What Is the Purpose of the Muscular System?


The human body contains more than 650 skeletal muscles, according to Gary Thibodeau and Kevin Patton in their book, “Structure and Function of the Body.” Muscles control every movement in your body, from pushing food through your digestive system to helping you lift a baby. In addition to movement, your muscles also help you produce heat and maintain posture.

Smooth Muscle

Smooth muscle, often referred to as involuntary muscle or visceral muscle, makes up many of your internal organs. You have no physical control over this type of muscle. Your brain controls them without any conscious effort from you, according to KidsHealth.org. Smooth muscles control the movement of blood through the blood vessels, the movement of food through the digestive system, the passage of urine to the bladder, the contraction of a the uterus to have a baby, the ability of the eyes to focus and many other automatic functions of the body.

Cardiac Muscle

Cardiac muscle makes up the walls of the heart, according to Tibodeau and Patton. This myocardial muscle contracts and relaxes the heart to allow blood to pump throughout the body. Similar to smooth muscle, you have no control over how fast your heart muscle pumps, though you can accelerate heart rate through exercise.

Skeletal Muscle

Skeletal muscle makes up approximately 40 percent of the average adult’s body weight, according to Tibodeau and Patton. Your skeletal muscles work with your bones to give you the power and strength required for good posture and for moving things. In addition to movement and posture, your muscles help maintain your body’s temperature. The contraction of your skeletal muscles helps produce the majority of the heat required to maintain your body’s temperature.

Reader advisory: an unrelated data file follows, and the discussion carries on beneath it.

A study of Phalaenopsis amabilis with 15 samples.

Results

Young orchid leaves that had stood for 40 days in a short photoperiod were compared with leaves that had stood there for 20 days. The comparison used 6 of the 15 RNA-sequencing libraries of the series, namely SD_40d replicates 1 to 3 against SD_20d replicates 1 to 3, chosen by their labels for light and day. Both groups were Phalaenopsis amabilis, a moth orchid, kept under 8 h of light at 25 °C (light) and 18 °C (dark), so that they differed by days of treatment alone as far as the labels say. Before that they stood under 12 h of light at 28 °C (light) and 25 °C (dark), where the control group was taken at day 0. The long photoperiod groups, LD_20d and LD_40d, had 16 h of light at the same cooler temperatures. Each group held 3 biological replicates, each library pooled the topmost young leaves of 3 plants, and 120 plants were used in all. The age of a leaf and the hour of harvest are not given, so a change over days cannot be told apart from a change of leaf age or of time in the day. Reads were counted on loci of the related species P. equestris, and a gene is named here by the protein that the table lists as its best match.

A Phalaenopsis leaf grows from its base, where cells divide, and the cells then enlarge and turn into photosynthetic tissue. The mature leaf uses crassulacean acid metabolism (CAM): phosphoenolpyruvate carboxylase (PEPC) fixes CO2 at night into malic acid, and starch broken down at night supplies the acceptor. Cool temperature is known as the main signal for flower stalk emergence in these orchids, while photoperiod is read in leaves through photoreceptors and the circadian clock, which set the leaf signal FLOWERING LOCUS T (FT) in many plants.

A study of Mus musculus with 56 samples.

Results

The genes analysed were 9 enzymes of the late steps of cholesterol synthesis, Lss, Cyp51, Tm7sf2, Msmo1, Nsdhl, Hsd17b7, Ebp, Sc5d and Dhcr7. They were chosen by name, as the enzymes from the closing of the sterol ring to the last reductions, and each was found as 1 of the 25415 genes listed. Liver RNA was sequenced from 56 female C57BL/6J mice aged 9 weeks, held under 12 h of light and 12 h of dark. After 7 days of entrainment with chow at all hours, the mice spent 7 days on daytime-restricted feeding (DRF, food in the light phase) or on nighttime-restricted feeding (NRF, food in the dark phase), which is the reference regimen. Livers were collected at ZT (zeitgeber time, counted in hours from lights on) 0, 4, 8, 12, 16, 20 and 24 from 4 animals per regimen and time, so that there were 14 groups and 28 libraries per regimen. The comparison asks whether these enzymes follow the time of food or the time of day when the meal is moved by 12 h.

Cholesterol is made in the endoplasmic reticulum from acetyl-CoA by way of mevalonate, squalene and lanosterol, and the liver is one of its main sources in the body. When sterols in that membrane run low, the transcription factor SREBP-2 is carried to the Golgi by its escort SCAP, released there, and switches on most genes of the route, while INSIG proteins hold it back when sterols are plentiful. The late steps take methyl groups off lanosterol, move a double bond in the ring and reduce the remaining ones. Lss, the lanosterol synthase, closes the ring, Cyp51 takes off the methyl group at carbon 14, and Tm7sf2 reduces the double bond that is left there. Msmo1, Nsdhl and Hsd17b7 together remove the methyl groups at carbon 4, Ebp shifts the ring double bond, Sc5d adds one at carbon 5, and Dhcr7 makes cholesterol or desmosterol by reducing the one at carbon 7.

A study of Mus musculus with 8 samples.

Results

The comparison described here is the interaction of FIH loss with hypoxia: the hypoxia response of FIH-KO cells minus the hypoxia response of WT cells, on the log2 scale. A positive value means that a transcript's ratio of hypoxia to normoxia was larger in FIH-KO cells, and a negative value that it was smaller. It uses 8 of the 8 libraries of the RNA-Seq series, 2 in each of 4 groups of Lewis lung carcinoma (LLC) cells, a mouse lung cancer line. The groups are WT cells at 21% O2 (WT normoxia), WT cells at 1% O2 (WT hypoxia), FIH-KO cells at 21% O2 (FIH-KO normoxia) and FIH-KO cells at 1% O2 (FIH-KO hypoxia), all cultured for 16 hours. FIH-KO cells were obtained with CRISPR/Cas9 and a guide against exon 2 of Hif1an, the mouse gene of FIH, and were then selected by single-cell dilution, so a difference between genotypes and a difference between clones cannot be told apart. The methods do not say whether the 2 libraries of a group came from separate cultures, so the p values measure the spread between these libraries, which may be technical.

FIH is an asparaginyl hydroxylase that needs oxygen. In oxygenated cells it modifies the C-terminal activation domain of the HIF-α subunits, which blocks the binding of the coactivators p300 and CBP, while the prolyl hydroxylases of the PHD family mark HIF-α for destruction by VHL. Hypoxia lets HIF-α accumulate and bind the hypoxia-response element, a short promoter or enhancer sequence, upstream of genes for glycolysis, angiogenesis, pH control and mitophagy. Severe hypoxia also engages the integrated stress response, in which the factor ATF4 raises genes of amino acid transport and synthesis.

Types of Skeletal Muscle Contraction

Skeletal muscles can contract in several ways to produce movement and power. Concentric contractions shorten a muscle and allow you to lift something, according to the University of California-San Diego. Eccentric contractions lengthen a muscle, allowing you to put an object down. Both contractions help in walking. During isometric contractions, a muscle stays at the same length while being used to apply force. This type of contraction occurs when you apply force to something that does not move.

Skeletal Muscle Movements

The skeletal muscles provide the ability to move your body the way you want. The main types of movements include flexion, extension, abduction, adduction, rotation, supination, pronation, dorsiflexion, plantar flexion, inversion and eversion, according to Tibodeau and Patton. Flexion and extension describe movements such as bending or straightening your arm, respectively. Abduction and adduction refer to moving the arm away from your side or toward your side, respectively. Rotation involves movement around a longitudinal axis, like when you turn your head from side to side. Supination and pronation involve the turning of your palm to face the ceiling or the floor, respectively. Dorsiflexion and plantar flexion involve bringing your toes toward your head or pointing them, respectively. Finally inversion and eversion involve bending your ankle to bring the bottom of your foot toward midline or away from midline, respectively.

About this Author

Kimberly Wonderly has a Bachelor of Science degree in exercise science and has worked as a personal trainer for six years. Wonderly has also taken many child development classes, while running a daycare out of her home for three years. She wrote for the “Rocket” at Slippery Rock University for two years while attending college.